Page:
Week InReview: January 23, 2015

Davos "Word of the Year" May Be Lukewarm, but the Tweets Were Great | (Jan. 21) Guess what the word of the year is in Davos. Deflation? Pandemics? Inequality? Nope. The unofficial word of the year, plastered over the program of the World Economic Forum's annual meeting in the Swiss Alps, is ... context. Read more.


FDIC Approves Rule After Swaps Industry Change | (Jan. 21) The Federal Deposit Insurance Corporation board, in 4-1 vote, approved action to harmonize new capital and liquidity rules with industry move establishing temporary stays of derivatives contracts when a major bank fails. The regulator proposes aligning bank capital rules with an international agreement on derivatives that involves big-bank wind-downs. Planned changes mean regulatory capital treatment of swaps wouldn't be affected by foreign resolution regimes. Read more.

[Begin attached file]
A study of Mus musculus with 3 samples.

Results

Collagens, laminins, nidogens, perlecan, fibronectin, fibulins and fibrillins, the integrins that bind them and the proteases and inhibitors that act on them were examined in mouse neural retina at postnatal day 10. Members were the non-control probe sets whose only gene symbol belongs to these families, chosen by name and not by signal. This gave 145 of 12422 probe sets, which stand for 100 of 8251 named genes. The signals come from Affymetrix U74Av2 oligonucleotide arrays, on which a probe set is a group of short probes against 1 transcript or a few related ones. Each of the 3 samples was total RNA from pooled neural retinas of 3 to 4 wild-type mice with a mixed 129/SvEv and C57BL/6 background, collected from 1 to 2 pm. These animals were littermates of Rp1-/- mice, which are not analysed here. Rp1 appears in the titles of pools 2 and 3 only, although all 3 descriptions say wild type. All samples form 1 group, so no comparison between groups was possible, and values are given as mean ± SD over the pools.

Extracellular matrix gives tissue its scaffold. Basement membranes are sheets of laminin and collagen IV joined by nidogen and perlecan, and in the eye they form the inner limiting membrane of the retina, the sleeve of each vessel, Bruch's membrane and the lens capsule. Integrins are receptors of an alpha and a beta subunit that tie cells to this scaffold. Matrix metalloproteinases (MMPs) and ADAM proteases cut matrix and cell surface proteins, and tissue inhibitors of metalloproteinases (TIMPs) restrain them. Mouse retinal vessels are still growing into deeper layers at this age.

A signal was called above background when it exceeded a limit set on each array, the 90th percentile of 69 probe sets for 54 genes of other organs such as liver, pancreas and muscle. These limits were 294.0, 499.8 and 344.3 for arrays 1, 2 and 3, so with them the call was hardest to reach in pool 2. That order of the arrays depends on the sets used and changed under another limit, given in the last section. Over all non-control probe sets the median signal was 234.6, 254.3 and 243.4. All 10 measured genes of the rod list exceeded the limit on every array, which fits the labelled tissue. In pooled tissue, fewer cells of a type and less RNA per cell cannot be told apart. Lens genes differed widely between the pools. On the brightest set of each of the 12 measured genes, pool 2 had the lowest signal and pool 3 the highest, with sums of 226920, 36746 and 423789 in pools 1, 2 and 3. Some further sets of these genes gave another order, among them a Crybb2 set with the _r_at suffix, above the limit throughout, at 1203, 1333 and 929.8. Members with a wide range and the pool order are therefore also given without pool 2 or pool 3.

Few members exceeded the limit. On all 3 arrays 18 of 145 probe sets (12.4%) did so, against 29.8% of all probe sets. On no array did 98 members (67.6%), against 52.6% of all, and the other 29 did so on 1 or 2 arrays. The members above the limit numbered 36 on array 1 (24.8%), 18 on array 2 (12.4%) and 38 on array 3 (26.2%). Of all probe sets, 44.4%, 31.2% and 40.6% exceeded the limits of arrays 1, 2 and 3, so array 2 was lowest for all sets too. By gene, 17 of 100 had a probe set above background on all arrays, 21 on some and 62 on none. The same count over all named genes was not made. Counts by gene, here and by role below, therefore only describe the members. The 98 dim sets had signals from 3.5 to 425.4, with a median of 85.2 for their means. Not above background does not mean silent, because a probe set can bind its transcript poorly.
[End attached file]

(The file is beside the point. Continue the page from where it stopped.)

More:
Fed Working With Dealers to Find Libor Alternatives | (Jan. 20) Federal Reserve Governor Jerome Powell said the central bank has convened a group of the largest global dealers to work with the Fed in promoting alternatives to U.S. dollar Libor, a series of benchmarks for about $300 trillion in financial securities worldwide. Read more.


The 'Toxic Flow' of High-Speed Trading Algorithms | (Jan. 20) Companies such as GTS and Virtu are helping banks' currency desks by providing them with an additional source of prices to quote to their customers in the $5.3 trillion-a-day foreign-exchange market, which has suffered a rate-fixing scandal, last year's record-low volatility and a thicket of regulations intended to prevent a repeat of the financial crisis. Read more.


Timetable for Swaps Margin Rules Under Review, EU Watchdog Says | (Jan. 19) The European Securities and Markets Authority i("ESMA") s holding talks with global regulators such as the International Organization of Securities Commissions ("IOSCO")  on the timetable for introducing minimum margin requirements for non-centrally cleared derivatives. Current timetable would see rules phase in over a four year period beginning December 2015. Read more.